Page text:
The Biden administration said Friday it plans to clamp down on toxic heavy metals commonly found in baby food.
The move comes after a House Oversight subcommittee last month released a report finding that major baby food companies sold products that their own internal testing showed contained arsenic, lead and cadmium at levels far higher than what most health experts consider safe for infants. The findings panicked parents already under considerable stress during the pandemic.
What’s new: The Food and Drug Administration plans to soon begin the lengthy process of setting more standards for heavy metals in baby foods.
In the interim, the agency told baby food makers they are expected to actively reduce heavy metal levels in their products as part of their internal food safety controls. The maneuver leverages a sweeping Obama-era food safety law that’s been on the books since 2011.
“It’s a positive but limited step,” said Tom Neltner, chemicals policy director at the Environmental Defense Fund, lamenting the agency didn’t set any deadlines for taking action.
How we got here: The FDA has been criticized for being extremely slow to act on reducing heavy metals exposure for infants and young children. The agency launched a working group to look into toxic elements across the food supply in 2017 after an EPA study found that food was a surprisingly significant source of lead exposure in children, as POLITICO reported this week.
It had taken the agency several years to set voluntary standards for how much inorganic arsenic could be in infant rice cereal — standards that public health advocates argue are largely unenforced and far too lax. Another voluntary standard for inorganic arsenic in apple juice also took years to develop, and that draft guidance released in 2013 still hasn’t been finalized.
The U.S. does not otherwise have any heavy metals standards for baby food.
A ‘sea change’: The House Oversight subcommittee’s report last month put major pressure on FDA to take action.
“We presented evidence of a pervasive problem of toxic heavy metals in baby foods, and when we asked the Biden administration’s FDA for help in addressing it, they were very concerned and responsive,” said Rep. Raja Krishnamoorthi, chair of the House Oversight subcommittee that released the landmark report last month.
“This represents a sea change at FDA,” the Illinois Democrat added.
The agency said Friday working on this issue is now a high priority.
“Research has shown that reducing exposure to toxic elements is important to minimizing any potential long-term effects on the developing brains of infants and children,” FDA said in a statement. “As such, this issue is among FDA’s highest priorities and we are actively working to make progress on identifying and implementing impactful solutions to make foods commonly consumed by infants and young children safer.”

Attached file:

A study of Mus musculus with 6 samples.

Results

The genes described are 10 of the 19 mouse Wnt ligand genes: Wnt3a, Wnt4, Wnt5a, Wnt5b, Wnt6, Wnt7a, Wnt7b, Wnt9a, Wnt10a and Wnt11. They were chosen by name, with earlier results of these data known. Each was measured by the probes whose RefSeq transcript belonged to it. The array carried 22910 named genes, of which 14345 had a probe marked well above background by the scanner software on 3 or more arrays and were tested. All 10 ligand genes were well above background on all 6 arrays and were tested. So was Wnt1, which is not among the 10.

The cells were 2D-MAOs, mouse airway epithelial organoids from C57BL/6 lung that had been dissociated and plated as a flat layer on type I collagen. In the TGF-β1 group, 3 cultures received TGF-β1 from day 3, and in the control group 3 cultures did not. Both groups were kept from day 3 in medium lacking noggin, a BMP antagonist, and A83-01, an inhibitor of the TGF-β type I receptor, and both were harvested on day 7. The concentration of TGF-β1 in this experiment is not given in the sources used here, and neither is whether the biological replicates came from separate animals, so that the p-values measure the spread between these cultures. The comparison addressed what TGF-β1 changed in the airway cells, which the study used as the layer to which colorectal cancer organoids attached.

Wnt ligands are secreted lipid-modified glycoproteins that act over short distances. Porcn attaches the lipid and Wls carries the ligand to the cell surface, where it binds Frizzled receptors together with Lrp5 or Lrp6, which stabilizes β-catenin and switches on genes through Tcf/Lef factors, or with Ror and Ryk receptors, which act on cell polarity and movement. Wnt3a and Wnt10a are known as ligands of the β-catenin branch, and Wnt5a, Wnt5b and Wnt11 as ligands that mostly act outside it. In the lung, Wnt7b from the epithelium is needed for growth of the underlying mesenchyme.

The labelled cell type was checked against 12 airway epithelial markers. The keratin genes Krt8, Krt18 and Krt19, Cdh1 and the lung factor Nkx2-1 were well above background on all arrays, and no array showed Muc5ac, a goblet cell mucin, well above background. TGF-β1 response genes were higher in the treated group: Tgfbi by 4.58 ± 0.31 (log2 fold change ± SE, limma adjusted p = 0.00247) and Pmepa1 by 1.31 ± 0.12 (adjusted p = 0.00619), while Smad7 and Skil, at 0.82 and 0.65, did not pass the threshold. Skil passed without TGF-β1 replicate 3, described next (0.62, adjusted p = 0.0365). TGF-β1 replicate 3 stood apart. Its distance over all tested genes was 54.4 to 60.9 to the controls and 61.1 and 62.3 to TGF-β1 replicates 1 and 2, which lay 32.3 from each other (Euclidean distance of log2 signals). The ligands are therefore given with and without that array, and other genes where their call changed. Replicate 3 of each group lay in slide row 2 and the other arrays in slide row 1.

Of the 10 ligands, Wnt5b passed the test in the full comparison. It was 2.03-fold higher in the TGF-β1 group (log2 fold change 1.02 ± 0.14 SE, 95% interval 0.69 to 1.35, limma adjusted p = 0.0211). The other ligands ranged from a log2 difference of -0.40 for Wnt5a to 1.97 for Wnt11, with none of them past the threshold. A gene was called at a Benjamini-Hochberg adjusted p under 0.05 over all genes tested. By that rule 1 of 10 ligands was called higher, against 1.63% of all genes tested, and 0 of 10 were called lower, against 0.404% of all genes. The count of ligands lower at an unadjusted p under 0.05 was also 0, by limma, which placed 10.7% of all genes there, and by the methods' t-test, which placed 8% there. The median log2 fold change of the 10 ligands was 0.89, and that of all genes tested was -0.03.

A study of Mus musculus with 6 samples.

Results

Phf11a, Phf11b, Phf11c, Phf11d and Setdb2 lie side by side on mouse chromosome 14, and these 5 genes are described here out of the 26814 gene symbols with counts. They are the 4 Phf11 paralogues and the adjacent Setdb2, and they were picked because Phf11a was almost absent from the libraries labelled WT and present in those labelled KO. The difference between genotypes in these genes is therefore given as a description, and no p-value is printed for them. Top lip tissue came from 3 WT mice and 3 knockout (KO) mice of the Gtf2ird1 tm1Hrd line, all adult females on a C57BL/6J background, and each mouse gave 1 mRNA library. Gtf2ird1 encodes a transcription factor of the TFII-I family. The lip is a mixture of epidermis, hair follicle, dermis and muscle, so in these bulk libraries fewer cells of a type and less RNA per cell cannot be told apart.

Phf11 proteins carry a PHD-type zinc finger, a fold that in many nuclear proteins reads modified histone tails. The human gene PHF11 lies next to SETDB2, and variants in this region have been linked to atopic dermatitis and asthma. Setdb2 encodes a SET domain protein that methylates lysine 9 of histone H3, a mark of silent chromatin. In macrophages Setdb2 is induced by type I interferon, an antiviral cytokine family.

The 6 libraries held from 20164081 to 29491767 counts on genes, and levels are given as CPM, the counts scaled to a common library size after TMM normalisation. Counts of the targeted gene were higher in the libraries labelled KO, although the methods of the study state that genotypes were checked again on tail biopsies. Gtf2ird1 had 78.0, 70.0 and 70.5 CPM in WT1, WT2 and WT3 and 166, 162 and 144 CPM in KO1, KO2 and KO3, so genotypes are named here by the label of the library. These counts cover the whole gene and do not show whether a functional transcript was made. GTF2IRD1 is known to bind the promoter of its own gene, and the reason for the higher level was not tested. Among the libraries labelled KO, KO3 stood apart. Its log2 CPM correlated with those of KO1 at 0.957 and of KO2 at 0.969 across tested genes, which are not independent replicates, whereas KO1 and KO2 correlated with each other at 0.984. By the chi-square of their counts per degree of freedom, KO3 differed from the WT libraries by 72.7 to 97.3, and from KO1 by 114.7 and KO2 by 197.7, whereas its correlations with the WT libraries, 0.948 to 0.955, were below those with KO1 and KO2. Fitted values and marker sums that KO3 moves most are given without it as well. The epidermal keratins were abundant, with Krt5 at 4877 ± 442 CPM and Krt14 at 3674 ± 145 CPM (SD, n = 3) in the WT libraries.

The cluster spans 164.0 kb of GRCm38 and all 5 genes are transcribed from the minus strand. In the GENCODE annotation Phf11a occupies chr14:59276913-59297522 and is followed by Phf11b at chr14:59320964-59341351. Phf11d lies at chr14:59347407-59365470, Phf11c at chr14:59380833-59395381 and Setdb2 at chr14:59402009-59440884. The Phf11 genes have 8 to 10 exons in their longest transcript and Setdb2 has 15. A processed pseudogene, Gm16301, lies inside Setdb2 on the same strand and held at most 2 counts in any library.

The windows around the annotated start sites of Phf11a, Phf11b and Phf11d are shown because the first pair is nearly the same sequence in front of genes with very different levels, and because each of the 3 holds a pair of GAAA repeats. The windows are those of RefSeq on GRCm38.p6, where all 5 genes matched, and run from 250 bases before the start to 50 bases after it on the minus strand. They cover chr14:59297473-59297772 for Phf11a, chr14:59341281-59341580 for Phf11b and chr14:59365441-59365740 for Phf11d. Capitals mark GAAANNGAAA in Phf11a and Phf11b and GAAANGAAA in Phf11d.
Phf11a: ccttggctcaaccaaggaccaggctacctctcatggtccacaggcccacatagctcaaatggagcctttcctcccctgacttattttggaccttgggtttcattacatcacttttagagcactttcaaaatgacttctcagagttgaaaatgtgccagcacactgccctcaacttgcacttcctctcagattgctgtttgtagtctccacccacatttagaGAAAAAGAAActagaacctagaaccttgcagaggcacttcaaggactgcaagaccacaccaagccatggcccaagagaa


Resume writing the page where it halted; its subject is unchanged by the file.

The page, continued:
In the “near term,” FDA said it would look at developing new standards, ramp up enforcement efforts, and issue guidance to help food companies lower their levels. The agency also plans to host a meeting on the issue.
Health advocates were hoping the agency would commit to action within a more specific timeframe.
“I’m disappointed that there is no timeline for action,” said Netlner, of EDF. “Like all of us, deadlines help ensure decisions are made in a timely manner.”
What should the limits be: Krishnamoorthi, who took office in 2017, had recently shared a bill with FDA that aimed to set strict limits for heavy metals. The effort has the backing of Sens. Amy Klobuchar (D-Minn.) and Tammy Duckworth (D-Ill.) as well as Rep. Tony Cárdenas (D-Calif.).
The standards in discussion by lawmakers were 10 parts per billion for inorganic arsenic, 5 parts per billion for cadmium and lead and 2 parts per billion for mercury across baby food products, according to a source familiar with the discussions.
A significant share of baby food on the market today would not meet these proposed standards. It is not uncommon for rice puff snacks, for example, to contain well above 100 parts per billion of inorganic arsenic.
It would be unusual for Congress to set such specific food safety standards in statute. Health advocates have historically preferred letting public health agencies set their own limits. But lawmakers appear ready to act if the agency doesn’t move on this.
Advice to parents: FDA said it continues to recommend parents and caregivers feed children a varied diet, in consultation with their pediatrician.
“The FDA does not advise parents and caregivers to throw out their supply of packaged baby foods or to stop feeding their babies and children certain foods altogether,” the agency said.
FDA does not recommend eliminating food groups over concerns about heavy metal exposure.
Other health groups continue to recommend avoiding or limiting rice products fed to infants and young children, including snacks like rice puffs. Parents can also cut back on juice, which can contain arsenic and lead. Serving a variety of vegetables is recommended, because some root vegetables like sweet potatoes and carrots can contain higher levels of lead and cadmium.
The agency also strongly warned parents against making their own infant formula “as this is extremely unlikely to reduce exposure to toxic elements and has resulted in infants suffering life-threatening consequences, including severe nutritional deficiencies and microbial foodborne illness.”
What’s next: It’s not clear what standards FDA will ultimately set. In the meantime, companies are expected to get to work reducing contaminants in their ingredients.